Body dysmorphia – also known as body dysmorphic disorder (BDD) –is a behavioral health condition that causes people to obsess over perceived flaws in their physical appearance that most others do not see. A body dysmorphia test and follow-up with a health care provider can help diagnose and ultimately treat the issue.
BDD is one of a spectrum of disorders that focus on the appearance of our bodies. It is related to obsessive compulsive disorder and other syndromes such as Munchausen’s disease.
People with body dysmorphia may go to extreme lengths to avoid social interactions out of embarrassment and anxiety stemming from minor or even nonexistent physical flaws. They may think they look “ugly” or even “deformed” and can spend hours obsessing over perceived physical flaws. In people with BDD, these often include:
  • Acne or other blemishes
  • Body type (muscle tone and size)
  • Breast and buttocks size
  • Hair (and lack thereof) 
  • Scars and wrinkles
  • Size or shape of certain facial features, like the nose and ears
  • Skin

Symptoms and complications of body dysmorphia

The characteristics of someone with body dysmorphia and/or signs and symptoms of the condition can include:
  • A constant need for reassurance, i.e., repeatedly asking others if they look OK.
  • Belief that others are acutely aware of one’s appearance, specifically the perceived physical flaw.
  • Comparing oneself to others.
  • Constantly checking the mirror or avoiding it altogether. 
  • Excessive grooming.
  • Excessive exercising.
  • Trying to hide perceived flaws under layers of clothing or with makeup.
Complications either caused or associated with body dysmorphia can range in severity from low self-esteem and social isolation to major depression, mood disorders and even suicidal thoughts and behavior. Shame about one’s appearance may prevent them from seeking treatment, but any person with these symptoms should reach out to their primary care provider or a mental health professional, especially those experiencing suicidal thoughts. Thoughtful, nonjudgmental approaches from a provider to their patient can help the patient disclose their developing body dysmorphia and in turn, seek treatment.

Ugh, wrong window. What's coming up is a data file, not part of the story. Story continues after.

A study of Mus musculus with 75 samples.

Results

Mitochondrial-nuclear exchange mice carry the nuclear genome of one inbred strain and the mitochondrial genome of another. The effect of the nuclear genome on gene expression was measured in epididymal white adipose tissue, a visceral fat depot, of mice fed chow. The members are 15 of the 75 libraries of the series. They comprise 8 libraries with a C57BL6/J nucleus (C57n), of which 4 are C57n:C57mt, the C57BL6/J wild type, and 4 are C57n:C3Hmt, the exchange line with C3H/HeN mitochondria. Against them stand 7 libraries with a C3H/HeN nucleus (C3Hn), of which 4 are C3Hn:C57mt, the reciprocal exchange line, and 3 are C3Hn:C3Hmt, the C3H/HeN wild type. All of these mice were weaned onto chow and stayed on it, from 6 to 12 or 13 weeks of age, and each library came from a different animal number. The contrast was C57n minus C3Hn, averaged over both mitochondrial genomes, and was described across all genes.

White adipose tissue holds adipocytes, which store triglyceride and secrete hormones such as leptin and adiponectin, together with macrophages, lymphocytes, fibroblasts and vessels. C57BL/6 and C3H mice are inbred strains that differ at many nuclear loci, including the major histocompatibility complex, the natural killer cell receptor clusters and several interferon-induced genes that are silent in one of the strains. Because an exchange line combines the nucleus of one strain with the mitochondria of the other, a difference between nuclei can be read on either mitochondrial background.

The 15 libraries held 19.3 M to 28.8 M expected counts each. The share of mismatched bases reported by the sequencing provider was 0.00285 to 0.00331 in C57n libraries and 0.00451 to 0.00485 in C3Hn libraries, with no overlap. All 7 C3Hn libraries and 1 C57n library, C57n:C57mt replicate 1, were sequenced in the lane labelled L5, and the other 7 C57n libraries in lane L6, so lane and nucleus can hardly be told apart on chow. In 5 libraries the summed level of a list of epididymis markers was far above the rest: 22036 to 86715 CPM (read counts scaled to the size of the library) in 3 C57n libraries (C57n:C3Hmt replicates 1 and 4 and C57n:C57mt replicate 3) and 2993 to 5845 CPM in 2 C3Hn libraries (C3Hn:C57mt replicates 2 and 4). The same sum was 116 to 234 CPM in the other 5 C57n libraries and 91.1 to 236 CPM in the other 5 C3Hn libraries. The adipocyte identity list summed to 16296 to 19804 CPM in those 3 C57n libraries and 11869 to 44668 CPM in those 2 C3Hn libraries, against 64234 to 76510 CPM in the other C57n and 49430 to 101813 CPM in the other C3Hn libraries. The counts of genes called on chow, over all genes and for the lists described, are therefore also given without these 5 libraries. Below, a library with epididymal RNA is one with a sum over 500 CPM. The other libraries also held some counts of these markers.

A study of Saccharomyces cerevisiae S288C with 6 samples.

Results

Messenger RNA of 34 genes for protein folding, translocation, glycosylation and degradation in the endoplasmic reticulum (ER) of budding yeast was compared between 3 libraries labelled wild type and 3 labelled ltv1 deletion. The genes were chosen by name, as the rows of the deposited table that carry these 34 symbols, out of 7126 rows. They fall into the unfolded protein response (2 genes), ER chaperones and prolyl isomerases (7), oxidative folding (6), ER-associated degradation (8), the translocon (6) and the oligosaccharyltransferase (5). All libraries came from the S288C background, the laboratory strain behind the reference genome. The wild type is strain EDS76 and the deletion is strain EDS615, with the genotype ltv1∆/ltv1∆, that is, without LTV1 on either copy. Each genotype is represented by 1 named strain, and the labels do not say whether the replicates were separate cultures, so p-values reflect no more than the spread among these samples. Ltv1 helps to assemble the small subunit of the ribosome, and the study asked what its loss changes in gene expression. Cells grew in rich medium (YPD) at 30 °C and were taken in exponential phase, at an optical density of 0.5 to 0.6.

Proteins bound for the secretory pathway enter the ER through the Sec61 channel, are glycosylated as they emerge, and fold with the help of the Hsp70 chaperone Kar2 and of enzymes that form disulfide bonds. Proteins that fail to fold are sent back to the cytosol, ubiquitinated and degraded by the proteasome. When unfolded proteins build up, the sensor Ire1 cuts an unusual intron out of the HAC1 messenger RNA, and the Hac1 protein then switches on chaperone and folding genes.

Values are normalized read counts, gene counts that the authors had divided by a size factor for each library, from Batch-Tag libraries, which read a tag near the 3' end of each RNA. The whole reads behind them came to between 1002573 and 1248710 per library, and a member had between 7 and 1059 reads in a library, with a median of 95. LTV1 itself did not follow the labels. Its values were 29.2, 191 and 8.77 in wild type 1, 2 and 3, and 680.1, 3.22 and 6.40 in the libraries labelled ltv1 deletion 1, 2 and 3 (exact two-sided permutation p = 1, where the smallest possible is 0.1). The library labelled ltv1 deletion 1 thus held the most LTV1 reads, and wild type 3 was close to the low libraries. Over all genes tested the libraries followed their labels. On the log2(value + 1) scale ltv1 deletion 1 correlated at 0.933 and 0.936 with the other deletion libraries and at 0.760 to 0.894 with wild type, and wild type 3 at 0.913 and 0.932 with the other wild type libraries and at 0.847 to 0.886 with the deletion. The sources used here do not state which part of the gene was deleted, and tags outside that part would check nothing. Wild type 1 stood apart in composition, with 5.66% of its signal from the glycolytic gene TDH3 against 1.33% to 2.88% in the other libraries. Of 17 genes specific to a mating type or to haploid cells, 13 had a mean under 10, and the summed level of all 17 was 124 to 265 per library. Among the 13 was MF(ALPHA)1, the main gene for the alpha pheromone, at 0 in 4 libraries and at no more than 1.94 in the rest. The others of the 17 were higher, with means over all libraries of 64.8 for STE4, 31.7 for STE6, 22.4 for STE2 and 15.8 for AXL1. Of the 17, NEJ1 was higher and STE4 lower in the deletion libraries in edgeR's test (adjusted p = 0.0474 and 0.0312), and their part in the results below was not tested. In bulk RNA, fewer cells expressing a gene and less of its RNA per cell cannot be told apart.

BDD is a condition that doesn’t tend to get better on its own and can worsen over time if left untreated, leading to some of the more serious symptoms mentioned here. Additionally, people will sometimes go to extreme lengths to alleviate the discomfort they feel, even to the point of surgery, which can still fail to relieve their symptoms and anxiety.

What is the difference between body dysmorphia and an eating disorder?

A distorted body image is a hallmark of both BDD and eating disorders, but they are not necessarily one in the same. The main difference between body dysmorphia or BDD and an eating disorder is that body weight and size isn’t always the concern of a person with BDD, whereas restricted eating in a person with an eating disorder usually stems from distorted ideas surrounding the idea food consumption. These distortions may in part be related to concerns about weight or distribution of muscle mass and subcutaneous fat, but the main focus is the process of eating itself. However, it is possible to have both BDD and an eating disorder. A trained medical professional needs to determine whether BDD or an eating disorder is the more accurate diagnosis in each individual case, marking another important reason to seek treatment if you are experiencing any of the aforementioned symptoms.

Body dysmorphia test: how to get tested

Standardized assessments – including brief questionnaires– are accessible online and could be useful for self-assessment purposes. The Body Dysmorphic Disorder Foundation offers a free test developed by BDD specialists in 2012 as an initial screening to understand whether someone might have the condition.
The questionnaire can also be used to measure the severity of symptoms, so a person can use it before and after any treatment and provide feedback on whether their symptoms have improved or not.
Only a trained health professional can make a diagnosis of BDD. Though it can be helpful as a guide, never let a self-assessment serve as a diagnosis. The questionnaire assumes that you do not have a disfigurement or a defect that is easily noticeable. The judgment on how noticeable your feature(s) can be made by a health professional. 
Specific treatment for BDD will be determined by your provider based on the magnitude of the issue, age, overall health and medical history and other factors. Treatment may include therapy, medication or a combination of both.
The most effective treatment is cognitive behavioral psychotherapy, which can be augmented with medication to control some of the more troubling symptoms. Visiting a specialist in this area of treatment yields the best outcomes, but everyone is unique, and combinations of interventions can be developed to gain control of the symptoms, improving their quality of life in the process.